Episode 4 of The Liberator sees us skip forward to Germany, Aschaffenburg as the allies close in on the Germans. Interestingly we begin behind enemy lines as Lt. Heymann believes he’s a traitor to the Reich and the country.
Because of this, the officer is sentenced to death. Strung up outside for all to see, his body becomes a symbol for the tyrannical oppression gripping Germany.
We’re nearing the end of the war now as March 31st 1945 looms. On the outskirts of Aschaffenburg, the allies arrive and scout out the area. They’re introduced to Nick Walsh who briefs them on their next mission. They need to take the church inside the town and that means heading deep into enemy territory.
Creeping through the streets, this tranquility is shattered by a machine gunner and a sniper who ambush their position. Sparks leads the team through the streets. As the squad starts going through the houses one by one, they find a German family huddling close together. Unfortunately the young kid is wearing a Nazi uniform and is shot by one of the Allies.
As Allied tanks and artillery roll in, the church is blown up but out in the street the squad find a young German girl bleeding and asking for help. Snatching her up, the privates tentatively put her in a truck ready to move out of town.
Gomez finds a hidden compartment inside one of the houses leading down to the basement. Keeping quiet – and with the trapdoor closing behind him – he finds a German officer loading his gun.
Although Gomez shoots him dead, the German fires off a round of his own and leaves the soldier injured and bleeding out. Unable to call for help, Gomez chuckles coldly as he realizes this is going to be his grave.
Thankfully Coldfoot and the others find him but it’s too late and he dies right there.
With the city razed, the German General surrenders which prompts Sparks to head up and see him. On the way they find Heymann hung in the street and learn he was at home recovering from his wounds – not a traitor to the cause. Sparks decides to cut the man down and give him a proper burial regardless of what the Germans think.
Driven by emotion, he forces the General outside, sitting on the front of his jeep, and given a megaphone to address the people. While he does, Sparks reflects back on the war while watching as Heymann is put into a coffin.
The team eventually rolls out of Aschaffenburg and make it to Bavaria one month later. An ominous train lies dormant and as the Thunderbirds near, they realize it’s a remnant of a concentration camp – Dachau to be precise.
Mounds of dead bodies line the carriages, riling up the soldiers as they’re driven by emotion and want to kill the Germans responsible. Sparks has his orders and gets the men – including an irate Sergeant Walsh – into position to liberate the camp.
With the group spread out, a quartet of Germans appear from the nearby house and surrender. Walsh is having none of it. He shoots all of them dead without hesitation before coming face to face with the Jews trapped inside the holocaust camp.
Driven by anger, Sergeant Walsh orders the men to line up the wounded German soldiers. A machine gun is primed and ready to mow them all down. Sparks races to the scene but fails to get there in time – 17 German soldiers are killed before Walsh can stop him.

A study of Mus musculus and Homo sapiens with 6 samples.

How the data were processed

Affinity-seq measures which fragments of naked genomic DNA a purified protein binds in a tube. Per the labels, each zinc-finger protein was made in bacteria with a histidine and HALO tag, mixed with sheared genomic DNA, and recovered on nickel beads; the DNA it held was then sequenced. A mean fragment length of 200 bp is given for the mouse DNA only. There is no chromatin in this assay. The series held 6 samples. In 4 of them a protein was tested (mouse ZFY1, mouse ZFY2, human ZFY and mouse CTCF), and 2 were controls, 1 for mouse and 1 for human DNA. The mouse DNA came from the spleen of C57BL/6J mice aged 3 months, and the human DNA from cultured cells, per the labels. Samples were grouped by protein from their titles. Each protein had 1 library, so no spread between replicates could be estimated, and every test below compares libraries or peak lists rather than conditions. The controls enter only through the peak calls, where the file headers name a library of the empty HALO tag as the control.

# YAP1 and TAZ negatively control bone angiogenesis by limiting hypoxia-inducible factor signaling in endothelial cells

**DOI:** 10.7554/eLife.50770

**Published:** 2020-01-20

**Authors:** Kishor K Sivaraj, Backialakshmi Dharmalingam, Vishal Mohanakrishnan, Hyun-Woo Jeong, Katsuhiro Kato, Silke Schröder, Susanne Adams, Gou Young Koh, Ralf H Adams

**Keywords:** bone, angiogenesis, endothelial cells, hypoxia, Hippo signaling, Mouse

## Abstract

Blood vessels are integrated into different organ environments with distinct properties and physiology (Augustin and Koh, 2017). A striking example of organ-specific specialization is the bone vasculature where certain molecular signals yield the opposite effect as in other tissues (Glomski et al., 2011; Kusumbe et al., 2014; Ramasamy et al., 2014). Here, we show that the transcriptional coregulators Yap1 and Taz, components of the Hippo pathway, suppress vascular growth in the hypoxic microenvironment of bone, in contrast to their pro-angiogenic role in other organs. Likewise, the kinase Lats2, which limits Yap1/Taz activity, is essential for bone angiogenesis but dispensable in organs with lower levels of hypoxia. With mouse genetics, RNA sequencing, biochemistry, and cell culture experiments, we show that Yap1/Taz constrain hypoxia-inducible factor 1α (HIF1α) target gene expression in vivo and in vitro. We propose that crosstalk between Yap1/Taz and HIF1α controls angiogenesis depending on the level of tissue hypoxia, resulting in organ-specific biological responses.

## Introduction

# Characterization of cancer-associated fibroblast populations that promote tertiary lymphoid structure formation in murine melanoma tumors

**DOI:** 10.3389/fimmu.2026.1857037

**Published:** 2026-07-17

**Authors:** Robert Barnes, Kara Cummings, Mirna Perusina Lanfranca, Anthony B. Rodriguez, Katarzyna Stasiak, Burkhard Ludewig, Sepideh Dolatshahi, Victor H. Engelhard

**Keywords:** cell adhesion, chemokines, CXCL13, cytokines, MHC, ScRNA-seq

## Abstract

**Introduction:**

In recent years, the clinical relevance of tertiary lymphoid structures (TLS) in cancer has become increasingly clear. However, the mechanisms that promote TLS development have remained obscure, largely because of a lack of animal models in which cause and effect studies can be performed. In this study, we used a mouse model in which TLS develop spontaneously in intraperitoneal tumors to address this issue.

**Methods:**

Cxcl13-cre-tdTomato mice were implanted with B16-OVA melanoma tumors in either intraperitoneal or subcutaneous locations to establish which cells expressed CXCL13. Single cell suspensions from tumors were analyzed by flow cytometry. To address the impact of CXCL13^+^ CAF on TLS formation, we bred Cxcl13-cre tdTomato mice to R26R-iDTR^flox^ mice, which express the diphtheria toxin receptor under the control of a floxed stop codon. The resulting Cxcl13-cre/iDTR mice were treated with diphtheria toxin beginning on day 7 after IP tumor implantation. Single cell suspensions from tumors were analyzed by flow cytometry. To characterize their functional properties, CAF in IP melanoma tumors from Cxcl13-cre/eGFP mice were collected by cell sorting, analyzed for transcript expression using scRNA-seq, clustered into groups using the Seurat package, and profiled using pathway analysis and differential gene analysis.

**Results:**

On the back of this, Sparks learns that the war has ended thanks to Hitler’s cowardly suicide. The war is not over for him just yet though, and while Walsh is berated for his actions, the coal yard incident is big news back in Washington. Sparks has got to attend a formal hearing following what Walsh did.
As all of his men arrive to say goodbye, Sparks is forced to stay on for now. His next stop is General Gainer’s office where he learns this has gone all the way up the chain of command.
With his fate uncertain, Sparks takes a seat in the General’s office. He relays everything that’s happened and goes on to mention the coal yard incident. Sparks takes full responsibility for his men’s actions despite not being the one to give the order. With 500 days on the frontline, the General – in no uncertain terms – calls him a hero and discharges the man, telling him to leave.
On the train home, Sparks writes to Mary and tells her that the war has changed him. However, he’s looking forward to seeing her again. Ands see her he does. Heading back to her hotel room, the two warmly embrace as the episode comes to a close.
The Episode Review
As the final credits roll here, it’s worth bearing in mind that this series was originally supposed to be double the length until it was cut in half. Based on this four episode showing – that absolutely feels like the case.
The reflective moments on the campaign during this fourth episode doesn’t quite have the same effect it otherwise would with more episodes to flesh out the characters in E Company. For that reason, this show lacks the same emotional depth something like Band Of Brothers or Saving Private Ryan has in abundance.
The aesthetic will make or break the experience here though and p[personally the moments with Dachau lose some of their emotional sting with this filter over the top. The train carriages in particular completely blend into the background and for me, that should never be the case – especially when discussing these atrocities.
By comparison, the young girl in Aschaffenburg bleeding from the stomach, her blood backdropped by a muted palette, is easily one of the most striking shots of the series. In a way, this is quite reminisce of that memorable sequence from Schindler’s List.
The Liberator is a decent war series though but just loses the edge it otherwise could have had with a more focused story and a longer run-time. However, this is still worth a watch.